I was raised Christian and brought up in the local Methodist church that my parents joined when I was three years old. I went to church, attempted to pray, and tried my hardest to believe in the religion I was raised with, but I felt no connection.
So I went off to college, slowly starting to accept that perhaps religion was not meant for me. Then, I met my fiancée, Isabel, who was raised Jewish. I knew nothing about Judaism at the time. On our first date, I told the waitress I wanted to order the “CHallah” bread French toast. I was absolutely clueless, but very intrigued. Our first few months of dating consisted of me asking Izzy so many questions about Judaism that she eventually bought me a few books, probably so that she could have some peace and quiet. Her family was “Jew-ish,” so I insisted that we celebrate the different holidays together and attend services. My curiosity actually brought Izzy and her family a bit closer to Judaism, its practices, and its beliefs.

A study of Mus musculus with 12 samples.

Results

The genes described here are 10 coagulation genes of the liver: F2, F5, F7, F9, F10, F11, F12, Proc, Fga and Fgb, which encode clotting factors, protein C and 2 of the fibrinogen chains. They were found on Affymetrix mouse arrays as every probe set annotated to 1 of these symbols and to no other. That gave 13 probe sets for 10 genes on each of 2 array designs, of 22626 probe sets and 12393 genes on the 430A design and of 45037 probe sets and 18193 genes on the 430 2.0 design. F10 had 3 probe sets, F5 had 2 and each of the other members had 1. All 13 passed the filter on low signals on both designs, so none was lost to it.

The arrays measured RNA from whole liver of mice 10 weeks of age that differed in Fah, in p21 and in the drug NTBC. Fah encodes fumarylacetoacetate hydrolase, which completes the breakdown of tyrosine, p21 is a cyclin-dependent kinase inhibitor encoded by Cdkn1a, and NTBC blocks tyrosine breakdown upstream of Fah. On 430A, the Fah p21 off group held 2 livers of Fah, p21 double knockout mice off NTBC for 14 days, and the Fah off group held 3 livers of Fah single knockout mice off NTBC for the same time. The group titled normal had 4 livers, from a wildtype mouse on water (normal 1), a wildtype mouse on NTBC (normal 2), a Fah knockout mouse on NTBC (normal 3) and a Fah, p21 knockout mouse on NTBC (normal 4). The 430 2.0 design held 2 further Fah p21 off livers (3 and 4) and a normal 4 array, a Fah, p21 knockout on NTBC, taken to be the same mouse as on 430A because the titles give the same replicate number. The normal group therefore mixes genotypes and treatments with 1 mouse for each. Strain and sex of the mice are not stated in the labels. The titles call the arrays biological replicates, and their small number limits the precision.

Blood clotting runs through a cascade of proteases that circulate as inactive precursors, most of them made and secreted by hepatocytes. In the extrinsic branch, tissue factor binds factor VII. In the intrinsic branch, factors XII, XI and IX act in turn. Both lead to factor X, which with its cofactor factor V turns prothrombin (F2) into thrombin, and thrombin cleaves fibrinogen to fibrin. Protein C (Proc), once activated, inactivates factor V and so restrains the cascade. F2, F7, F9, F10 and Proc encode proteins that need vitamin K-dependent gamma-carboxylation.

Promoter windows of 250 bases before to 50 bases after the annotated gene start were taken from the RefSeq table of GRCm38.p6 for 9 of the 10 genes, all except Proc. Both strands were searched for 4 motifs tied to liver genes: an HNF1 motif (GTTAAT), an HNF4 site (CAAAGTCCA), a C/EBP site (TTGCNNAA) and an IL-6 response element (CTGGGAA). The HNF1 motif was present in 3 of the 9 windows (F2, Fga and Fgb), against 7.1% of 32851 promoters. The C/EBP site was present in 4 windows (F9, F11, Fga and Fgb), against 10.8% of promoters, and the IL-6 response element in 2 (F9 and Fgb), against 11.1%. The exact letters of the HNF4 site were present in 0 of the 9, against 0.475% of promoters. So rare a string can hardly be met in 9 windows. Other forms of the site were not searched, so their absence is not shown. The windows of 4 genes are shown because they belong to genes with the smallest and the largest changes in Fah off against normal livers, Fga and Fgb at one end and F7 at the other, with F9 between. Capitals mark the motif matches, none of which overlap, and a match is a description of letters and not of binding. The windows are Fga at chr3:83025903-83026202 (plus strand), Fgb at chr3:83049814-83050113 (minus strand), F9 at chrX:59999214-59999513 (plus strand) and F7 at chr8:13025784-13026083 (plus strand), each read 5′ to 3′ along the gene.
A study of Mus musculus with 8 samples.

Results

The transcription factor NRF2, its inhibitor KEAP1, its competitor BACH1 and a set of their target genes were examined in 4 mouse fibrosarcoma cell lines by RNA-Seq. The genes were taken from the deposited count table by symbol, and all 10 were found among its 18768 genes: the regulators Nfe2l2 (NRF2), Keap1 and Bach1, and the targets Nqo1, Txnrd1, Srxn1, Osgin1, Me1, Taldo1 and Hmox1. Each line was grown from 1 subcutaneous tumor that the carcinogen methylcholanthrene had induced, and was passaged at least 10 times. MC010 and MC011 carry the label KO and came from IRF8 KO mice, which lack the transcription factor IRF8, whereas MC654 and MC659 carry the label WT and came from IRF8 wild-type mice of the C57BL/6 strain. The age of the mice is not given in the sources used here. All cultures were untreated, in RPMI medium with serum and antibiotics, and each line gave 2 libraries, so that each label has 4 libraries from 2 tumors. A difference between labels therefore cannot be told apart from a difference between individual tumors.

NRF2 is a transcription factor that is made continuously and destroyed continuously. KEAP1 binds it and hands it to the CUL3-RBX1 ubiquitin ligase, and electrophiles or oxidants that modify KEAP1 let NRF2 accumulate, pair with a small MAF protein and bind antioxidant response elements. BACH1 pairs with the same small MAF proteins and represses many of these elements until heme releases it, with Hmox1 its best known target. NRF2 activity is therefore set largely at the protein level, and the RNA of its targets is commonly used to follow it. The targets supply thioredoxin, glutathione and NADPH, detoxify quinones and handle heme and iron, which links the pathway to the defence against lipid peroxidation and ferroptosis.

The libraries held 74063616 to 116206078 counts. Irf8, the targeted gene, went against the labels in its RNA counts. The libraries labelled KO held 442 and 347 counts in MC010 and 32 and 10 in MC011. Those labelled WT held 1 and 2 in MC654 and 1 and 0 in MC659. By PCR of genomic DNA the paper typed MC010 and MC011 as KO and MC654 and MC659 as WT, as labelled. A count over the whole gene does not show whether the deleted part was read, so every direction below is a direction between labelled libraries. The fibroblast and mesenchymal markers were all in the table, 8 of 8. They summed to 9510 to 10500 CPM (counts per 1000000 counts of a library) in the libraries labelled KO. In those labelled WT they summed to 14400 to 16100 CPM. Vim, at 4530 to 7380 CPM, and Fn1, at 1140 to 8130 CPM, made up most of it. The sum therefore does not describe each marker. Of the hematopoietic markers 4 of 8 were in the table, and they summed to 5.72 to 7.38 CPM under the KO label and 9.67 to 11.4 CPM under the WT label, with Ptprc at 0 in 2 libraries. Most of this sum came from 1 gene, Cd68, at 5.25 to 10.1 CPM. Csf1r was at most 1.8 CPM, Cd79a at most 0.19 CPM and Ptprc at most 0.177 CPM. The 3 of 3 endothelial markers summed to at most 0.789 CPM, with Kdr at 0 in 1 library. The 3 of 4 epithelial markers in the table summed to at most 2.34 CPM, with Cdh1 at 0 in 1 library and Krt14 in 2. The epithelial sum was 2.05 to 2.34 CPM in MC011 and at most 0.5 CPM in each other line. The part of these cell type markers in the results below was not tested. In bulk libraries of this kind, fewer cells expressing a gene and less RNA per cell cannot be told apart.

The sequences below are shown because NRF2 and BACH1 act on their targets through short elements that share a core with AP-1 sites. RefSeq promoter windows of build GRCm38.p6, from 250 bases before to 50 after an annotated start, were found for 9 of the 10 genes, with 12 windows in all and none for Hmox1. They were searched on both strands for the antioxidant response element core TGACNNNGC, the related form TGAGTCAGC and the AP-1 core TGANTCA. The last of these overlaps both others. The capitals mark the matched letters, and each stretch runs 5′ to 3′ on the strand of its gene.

It didn’t take long for me to fall in love with the religion, and after many years of partaking in Jewish practices as an outsider, I had one more question for Izzy: How can I join? Judaism was everything I was looking for when it came to faith. I am encouraged to ask questions and challenge the ways that people interpret stories. I love that the holidays exist purely for religious connection and not for show. I feel fulfilled by the belief that the good deeds we do on Earth are not to ensure that we get to Heaven, but just to leave the world a bit better than how we found it. As a social work grad student, I believe very strongly in the idea of helping others and spreading kindness without expecting anything in return, and as it turns out, that is one of the biggest themes in Judaism.
The practice of going above and beyond to help others is actually how I chose my Hebrew name, Rivka. I liked how when she first met Abraham’s servant, she immediately offered him water (an act of kindness without expecting anything in return) and then offered to water all of his camels (going above and beyond without being asked). Rebekah’s actions resonated with me, as I feel very strongly about these values. I chose her name to serve as a reminder for myself to always help others without being asked or expecting anything in return. These are values I hope to carry with me in my personal, professional, and religious life.